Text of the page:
800 graduate from IDCE programme
By Shawnel Cudjoe
November 17, 2003
'You have taken the first step; we look forward to seeing you continue taking opportunities that are offered.'
--Director Mr Samuel Small
THE approximately 800 students, who graduated yesterday from the University of Guyana's Institute of Distance and Continuing Education, were admonished to see the successful completion of their courses as evidence that they could achieve whatever they wanted.
Presenting the director's report was Mr. Samuel Small, AA, IDCE Director, who told the gathering at University Square, Turkeyen Campus, that across the country, some 2,167 persons were at present involved in the various courses as compared to 1,878 persons last year.
Mr Small also pointed out that some of the courses that were offered were Administrative Secretarial Courses, Care of the Elderly, Industrial Relations and Management Programme, Introduction to Social Work (One and Two), Marketing, Supervisory Management, Early Childhood Education and Academic Upgrading.
He noted that financial contributions for the mounting of the studies came from the United Nations Drug Control programme through the Ministry of Health; the Organisation of American States through the Ministry of Education; the United Nations Scientific Cultural and Educational Organisation (UNESCO), clubs such as the Rotary and Lions, and churches such as Anglican, Roman Catholic and Seventh Day Adventist.
The Director said that as the needs of the various communities are established, further courses would be introduced to meet these demands in keeping with the outstanding contributions that the IDCE has made to the development of the Guyanese people.
According to Mr Small, the IDCE has been such a success that a sub- Centre will soon be established in Region Two (Pomeroon/Supenaam).
The IDCE Director told the graduands, "You have taken the first step; we look forward to seeing you continue taking opportunities that are offered."
Delivering the feature address was Programme Manager, Human Resource Development of the CARICOM Secretariat Ms. Myrna Bernard, who told the students, "I urge you not to see the certificate as the completion of a course, but rather as evidence to yourself of the fact that you can learn what you want to learn."
Ms Bernard underscored the fact that by being successful at their training courses, the graduands have made themselves more employable while raising their self-esteem.
Focusing her remarks on the importance of approaching learning as a life-long journey, Ms Bernard cautioned the successful graduands about the rapid economic, social and technological changes taking place in the landscape of the country, and the many ways in which people's lives are being directly and indirectly affected.
As a result of these changes, Bernard said, businesses are searching for better economic climates in which to operate. Developing countries, therefore, face "an uphill task in achieving the level of economic competitiveness required for survival and success".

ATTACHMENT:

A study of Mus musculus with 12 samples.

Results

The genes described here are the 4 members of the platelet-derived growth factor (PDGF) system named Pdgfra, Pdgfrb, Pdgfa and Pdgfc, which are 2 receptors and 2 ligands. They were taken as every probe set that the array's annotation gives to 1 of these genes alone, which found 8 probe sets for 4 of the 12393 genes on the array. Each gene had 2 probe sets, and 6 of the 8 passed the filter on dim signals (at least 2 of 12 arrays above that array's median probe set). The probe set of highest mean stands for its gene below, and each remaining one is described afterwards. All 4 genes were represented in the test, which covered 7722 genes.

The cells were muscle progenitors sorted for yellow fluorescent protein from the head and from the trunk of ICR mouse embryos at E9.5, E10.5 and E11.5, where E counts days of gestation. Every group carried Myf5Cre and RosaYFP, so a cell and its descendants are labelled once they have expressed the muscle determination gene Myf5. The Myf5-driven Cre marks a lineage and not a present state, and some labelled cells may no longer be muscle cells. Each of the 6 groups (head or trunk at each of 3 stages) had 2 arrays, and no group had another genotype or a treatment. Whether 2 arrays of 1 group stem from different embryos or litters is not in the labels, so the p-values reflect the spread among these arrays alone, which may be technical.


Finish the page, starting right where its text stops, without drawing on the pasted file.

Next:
Effective and efficient use of the country's human resources is therefore necessary if certain objectives are to be achieved. This is why it is necessary for persons to acquire levels of education and skills in order to meet the demands of the changing times.
"Employers are now demanding a high level of education even for what we consider the most elementary of jobs," Ms Bernard explained.
In examining social issues responsible for the disintegration in the Caribbean, the speaker pointed out that violence plays an important part.
"Youth unemployment is a prominent feature in the Caribbean labour market in the 15-24 age range, and the rate is higher among females than in males," she said. Other factors were violent crimes, drugs, and students leaving secondary school without certificates.
Ms Bernard said that the subject of HIV/AIDS could not be eliminated from any list of social issues affecting the Caribbean region, especially since the rate of infection is second only to that of Sub-Saharan Africa.
Ms Bernard told the gathering, that taking all theses issues into consideration, the importance and relevance of a good education is something that cannot be ignored.
According to her, for social and economic cohesion to take place, a learning society is needed. The learning society celebrates and accepts learning of all types.
The development of the learning society depends heavily on a culture of life-long learning. The Institute of Distance and Continuing Education, has been playing a pivotal role in providing opportunities essential for learning in the past 27 years, she added.
Ms Bernard noted that over that period, several communities have benefited from many programmes, which have contributed to the employability of several persons.
Its role is highlighted through the provision of courses in a wide range of occupations. These courses have greatly contributed to alternative pathways as well as to the access of tertiary education, which are vital in ensuring the provision of skills needed for the nation's development, Ms Bernard concluded.